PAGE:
Several celestial events on Friday night are expected to put on a show for stargazers in the North Carolina skies.
When the full snow moon rises Friday, its surface will appear darker than usual because it will be passing through the outer edge of the Earth’s shadow. The moon will be accompanied by three visible planets and a comet.
The darkening of the moon is called a penumbral lunar eclipse. Unlike total and partial eclipses, which completely darken the moon or portions of it, penumbral eclipses appear as a shadow on the moon’s surface, according to earthsky.org.
In the Triangle, the eclipse will begin before sundown, about 5 p.m., and will be at its midpoint by 7:45 p.m., according to the U.S. Naval Observatory. The eclipse will end about 9 p.m.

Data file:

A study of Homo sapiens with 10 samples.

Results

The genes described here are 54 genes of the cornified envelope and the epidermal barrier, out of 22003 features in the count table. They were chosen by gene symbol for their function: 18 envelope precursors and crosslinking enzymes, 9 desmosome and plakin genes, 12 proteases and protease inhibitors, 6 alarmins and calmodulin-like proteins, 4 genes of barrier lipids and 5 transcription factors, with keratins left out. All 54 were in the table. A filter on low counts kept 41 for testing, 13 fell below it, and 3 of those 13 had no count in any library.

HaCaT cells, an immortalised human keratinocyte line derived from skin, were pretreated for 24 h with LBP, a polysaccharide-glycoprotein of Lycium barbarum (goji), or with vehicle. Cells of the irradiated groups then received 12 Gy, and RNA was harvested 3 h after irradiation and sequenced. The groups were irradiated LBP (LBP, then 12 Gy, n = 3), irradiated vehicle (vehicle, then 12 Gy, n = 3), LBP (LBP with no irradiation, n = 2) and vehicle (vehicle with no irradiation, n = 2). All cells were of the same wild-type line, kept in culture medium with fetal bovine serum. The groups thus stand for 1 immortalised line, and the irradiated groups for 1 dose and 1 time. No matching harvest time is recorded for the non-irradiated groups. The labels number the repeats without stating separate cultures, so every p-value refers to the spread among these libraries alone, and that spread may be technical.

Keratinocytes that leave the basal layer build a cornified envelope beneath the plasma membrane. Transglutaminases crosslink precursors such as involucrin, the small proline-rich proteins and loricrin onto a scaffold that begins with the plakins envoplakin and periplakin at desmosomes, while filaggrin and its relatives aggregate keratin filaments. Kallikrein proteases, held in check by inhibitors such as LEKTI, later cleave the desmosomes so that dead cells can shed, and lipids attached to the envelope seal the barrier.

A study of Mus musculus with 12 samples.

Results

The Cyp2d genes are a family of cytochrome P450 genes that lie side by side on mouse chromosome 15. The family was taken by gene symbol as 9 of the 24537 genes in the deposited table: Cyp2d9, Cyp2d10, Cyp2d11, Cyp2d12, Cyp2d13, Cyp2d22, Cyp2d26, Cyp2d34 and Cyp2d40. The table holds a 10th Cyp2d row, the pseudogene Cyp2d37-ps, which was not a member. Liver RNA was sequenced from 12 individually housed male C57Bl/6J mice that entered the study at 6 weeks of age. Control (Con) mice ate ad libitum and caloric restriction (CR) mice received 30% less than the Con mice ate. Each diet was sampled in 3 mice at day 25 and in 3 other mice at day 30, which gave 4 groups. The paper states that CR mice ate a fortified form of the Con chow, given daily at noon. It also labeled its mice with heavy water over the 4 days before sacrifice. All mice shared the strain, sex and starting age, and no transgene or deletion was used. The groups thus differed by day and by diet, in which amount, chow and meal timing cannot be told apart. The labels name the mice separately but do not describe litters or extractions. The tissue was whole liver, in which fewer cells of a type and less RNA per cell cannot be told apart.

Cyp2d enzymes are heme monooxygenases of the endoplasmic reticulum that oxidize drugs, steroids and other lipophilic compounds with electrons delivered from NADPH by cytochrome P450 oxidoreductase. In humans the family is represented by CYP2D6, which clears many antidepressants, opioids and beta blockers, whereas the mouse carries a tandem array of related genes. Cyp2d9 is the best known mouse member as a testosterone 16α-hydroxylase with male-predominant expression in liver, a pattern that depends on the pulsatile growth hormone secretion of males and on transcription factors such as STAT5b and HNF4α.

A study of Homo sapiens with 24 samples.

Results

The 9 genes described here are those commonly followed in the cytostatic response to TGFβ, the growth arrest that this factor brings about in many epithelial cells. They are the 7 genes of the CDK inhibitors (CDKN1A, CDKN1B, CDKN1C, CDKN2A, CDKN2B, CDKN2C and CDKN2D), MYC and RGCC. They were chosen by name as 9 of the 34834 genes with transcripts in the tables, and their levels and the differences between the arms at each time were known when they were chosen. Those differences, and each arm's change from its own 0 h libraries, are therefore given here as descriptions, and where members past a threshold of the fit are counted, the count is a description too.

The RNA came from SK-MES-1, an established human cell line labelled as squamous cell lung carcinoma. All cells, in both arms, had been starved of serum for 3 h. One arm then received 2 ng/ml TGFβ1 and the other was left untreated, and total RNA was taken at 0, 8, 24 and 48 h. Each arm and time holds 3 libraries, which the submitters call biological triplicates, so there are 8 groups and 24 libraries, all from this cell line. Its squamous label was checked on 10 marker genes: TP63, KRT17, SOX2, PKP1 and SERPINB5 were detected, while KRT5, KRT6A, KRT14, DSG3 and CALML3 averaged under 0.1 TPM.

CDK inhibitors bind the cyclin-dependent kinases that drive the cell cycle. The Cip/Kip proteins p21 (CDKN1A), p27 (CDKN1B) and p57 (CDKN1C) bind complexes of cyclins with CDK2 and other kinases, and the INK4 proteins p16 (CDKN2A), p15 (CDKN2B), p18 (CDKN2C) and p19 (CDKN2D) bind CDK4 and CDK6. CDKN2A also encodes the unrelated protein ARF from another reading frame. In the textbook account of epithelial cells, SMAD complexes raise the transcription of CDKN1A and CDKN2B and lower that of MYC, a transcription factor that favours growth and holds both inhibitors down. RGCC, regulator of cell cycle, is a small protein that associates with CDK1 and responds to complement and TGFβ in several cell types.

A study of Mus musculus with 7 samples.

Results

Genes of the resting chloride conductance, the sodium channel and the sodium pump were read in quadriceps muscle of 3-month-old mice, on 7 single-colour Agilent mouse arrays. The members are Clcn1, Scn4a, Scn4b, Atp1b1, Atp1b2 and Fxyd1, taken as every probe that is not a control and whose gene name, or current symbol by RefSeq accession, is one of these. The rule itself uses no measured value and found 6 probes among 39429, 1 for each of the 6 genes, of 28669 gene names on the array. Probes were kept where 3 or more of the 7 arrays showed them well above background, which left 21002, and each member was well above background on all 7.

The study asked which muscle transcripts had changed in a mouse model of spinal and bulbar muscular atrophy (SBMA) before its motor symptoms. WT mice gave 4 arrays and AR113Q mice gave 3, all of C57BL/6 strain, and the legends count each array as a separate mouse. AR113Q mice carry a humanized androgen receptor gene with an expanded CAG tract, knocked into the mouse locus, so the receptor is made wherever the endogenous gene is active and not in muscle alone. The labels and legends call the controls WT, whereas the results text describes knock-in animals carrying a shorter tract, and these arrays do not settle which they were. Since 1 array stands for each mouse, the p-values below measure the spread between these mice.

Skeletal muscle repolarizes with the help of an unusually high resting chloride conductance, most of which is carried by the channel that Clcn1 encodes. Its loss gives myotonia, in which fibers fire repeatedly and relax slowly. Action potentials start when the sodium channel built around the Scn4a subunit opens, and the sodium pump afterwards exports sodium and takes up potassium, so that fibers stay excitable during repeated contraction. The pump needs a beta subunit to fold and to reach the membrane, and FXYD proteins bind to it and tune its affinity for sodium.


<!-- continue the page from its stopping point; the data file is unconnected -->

The last penumbral eclipse here occurred in September 2016.
In addition to the eclipse, two planets — Venus and Mars — will be easily visible with the naked eye, as well as with telescopes and binoculars. The planet Uranus can be seen with the unaided eye on moonless nights.
Comet 45P also will make its closest pass to earth on Saturday night, coming within 7.4 million miles from Earth. The comet will be visible in the morning sky to the left of the moon and pass through the constellations Boötes and Corona Borealis, according to NASA’s Jet Propulsion Laboratory. It won’t return until 2022.
In early March, Comet 2P Encke will be visible through binoculars in the western skies just after sunset, according to NASA. The comet will appear in the constellation Pisces.